As you can imagine, this has mixed results.
Sure, I teach my kids about responsibility, but I also have to accept that the work is not done in the way I would have done it. I have to realize that if I want them to meet the deadline set, I may need to follow up on occasion.
Now, most contractors areÂ nothing like yourÂ children. But they also are not you. Before hiring someone to work on your behalf, consider these things:
- Do the samples of their past work match what they say they can do?
- Is what they’re promising “too good to be true”?
- Do they care or did they ask about your business goals?
- Are there any constraints or conflicts between their schedule and your projects timeline?
Major doubts in any of these areas can be reason to keep talking to people. You may find you are willing to wait for the perfect person or pay more to get great service.
Because ultimately, if someone else writes your web copy and it’s full of typos, you didn’t get your money’s worth. For what it’s worth, I think one typo is easily corrected and it’s important to remember mistakes happen. We are all human. However, grammatical errors and typos galore only hurt your business.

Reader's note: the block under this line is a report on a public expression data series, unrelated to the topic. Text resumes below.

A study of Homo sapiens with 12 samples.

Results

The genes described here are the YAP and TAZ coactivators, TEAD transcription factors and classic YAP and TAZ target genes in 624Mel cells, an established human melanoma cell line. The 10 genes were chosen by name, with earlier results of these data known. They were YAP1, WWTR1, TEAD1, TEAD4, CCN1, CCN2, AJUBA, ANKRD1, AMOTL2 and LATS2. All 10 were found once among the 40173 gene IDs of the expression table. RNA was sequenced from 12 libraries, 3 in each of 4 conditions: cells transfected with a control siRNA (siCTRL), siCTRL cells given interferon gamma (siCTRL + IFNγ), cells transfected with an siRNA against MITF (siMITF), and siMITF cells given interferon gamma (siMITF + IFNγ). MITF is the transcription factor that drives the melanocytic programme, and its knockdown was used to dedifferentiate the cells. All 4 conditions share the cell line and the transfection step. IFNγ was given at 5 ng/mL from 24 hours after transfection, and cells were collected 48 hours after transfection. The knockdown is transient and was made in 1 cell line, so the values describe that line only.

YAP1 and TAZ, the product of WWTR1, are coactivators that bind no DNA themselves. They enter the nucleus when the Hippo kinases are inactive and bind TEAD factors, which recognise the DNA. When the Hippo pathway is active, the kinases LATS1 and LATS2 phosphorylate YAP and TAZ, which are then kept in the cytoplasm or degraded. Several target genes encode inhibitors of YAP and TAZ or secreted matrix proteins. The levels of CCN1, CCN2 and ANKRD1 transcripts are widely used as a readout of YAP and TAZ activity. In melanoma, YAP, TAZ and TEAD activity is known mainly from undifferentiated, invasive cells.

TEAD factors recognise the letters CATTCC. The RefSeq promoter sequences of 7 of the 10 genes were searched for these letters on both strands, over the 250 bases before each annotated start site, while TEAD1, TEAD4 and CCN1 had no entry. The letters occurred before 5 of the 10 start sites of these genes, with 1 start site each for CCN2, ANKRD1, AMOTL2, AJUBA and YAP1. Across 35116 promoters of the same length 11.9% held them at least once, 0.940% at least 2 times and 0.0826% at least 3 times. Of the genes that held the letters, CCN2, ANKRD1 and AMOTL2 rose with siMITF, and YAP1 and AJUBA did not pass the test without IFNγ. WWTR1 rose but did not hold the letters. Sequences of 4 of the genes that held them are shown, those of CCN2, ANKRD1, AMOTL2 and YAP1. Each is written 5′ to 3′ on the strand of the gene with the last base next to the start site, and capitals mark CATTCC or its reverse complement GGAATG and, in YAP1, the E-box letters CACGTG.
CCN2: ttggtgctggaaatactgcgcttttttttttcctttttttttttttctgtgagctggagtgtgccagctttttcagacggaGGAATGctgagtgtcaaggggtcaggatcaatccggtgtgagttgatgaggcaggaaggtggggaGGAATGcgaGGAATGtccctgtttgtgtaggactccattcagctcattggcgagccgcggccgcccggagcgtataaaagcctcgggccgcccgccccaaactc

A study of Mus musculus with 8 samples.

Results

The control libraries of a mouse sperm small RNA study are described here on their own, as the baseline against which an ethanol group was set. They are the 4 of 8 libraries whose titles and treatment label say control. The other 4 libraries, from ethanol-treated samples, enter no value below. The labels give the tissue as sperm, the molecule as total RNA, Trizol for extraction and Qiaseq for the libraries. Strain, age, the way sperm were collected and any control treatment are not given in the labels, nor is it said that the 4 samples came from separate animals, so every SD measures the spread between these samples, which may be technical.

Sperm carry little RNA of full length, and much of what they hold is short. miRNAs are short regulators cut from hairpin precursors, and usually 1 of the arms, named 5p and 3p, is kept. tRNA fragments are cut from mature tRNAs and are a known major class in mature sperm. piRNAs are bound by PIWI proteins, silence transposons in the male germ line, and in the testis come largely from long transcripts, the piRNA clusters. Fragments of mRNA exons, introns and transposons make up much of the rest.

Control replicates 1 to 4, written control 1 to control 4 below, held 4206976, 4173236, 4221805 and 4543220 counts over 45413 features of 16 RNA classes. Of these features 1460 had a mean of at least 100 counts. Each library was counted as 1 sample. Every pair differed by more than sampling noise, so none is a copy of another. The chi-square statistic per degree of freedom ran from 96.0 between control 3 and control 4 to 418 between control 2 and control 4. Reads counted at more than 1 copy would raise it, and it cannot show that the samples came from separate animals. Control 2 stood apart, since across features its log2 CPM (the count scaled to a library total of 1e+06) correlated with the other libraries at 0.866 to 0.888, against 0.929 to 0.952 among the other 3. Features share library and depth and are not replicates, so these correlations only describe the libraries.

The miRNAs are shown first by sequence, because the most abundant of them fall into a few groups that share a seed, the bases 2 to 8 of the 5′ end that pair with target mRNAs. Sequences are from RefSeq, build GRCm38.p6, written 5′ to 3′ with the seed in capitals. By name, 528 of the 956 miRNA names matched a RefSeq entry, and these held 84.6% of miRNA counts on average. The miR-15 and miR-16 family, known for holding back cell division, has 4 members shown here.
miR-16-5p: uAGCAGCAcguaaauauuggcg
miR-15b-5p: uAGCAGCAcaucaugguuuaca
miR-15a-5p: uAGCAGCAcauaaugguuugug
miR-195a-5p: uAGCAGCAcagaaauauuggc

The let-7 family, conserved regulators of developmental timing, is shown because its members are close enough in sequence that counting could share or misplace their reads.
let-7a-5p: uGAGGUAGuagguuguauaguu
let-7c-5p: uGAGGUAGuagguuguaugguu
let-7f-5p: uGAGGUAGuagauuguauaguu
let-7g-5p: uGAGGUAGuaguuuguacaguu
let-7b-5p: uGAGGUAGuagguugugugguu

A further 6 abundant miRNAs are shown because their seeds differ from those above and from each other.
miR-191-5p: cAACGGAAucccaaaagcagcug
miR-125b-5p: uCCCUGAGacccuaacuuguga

Which brings me to a gentle reminder. When delegating, it is important that you still review the work done. Too many people have a website put together that they do not read or test thoroughly. They’re often unpleasantly surprised – shocked even – when they find their contact form never worked. Read your website, click all the links, even if you paid someone else to do it. I know you delegated to save time and drawing that line is important. But typos, broken links, and malfunctioning features on your website live until you correct them, and areÂ likely seen by many more people than you think.
How do you chose who you delegate your tasks to? Take your time and ask questions until you did the person that best suits your needs. Work on the front end will save you time and money on the back end.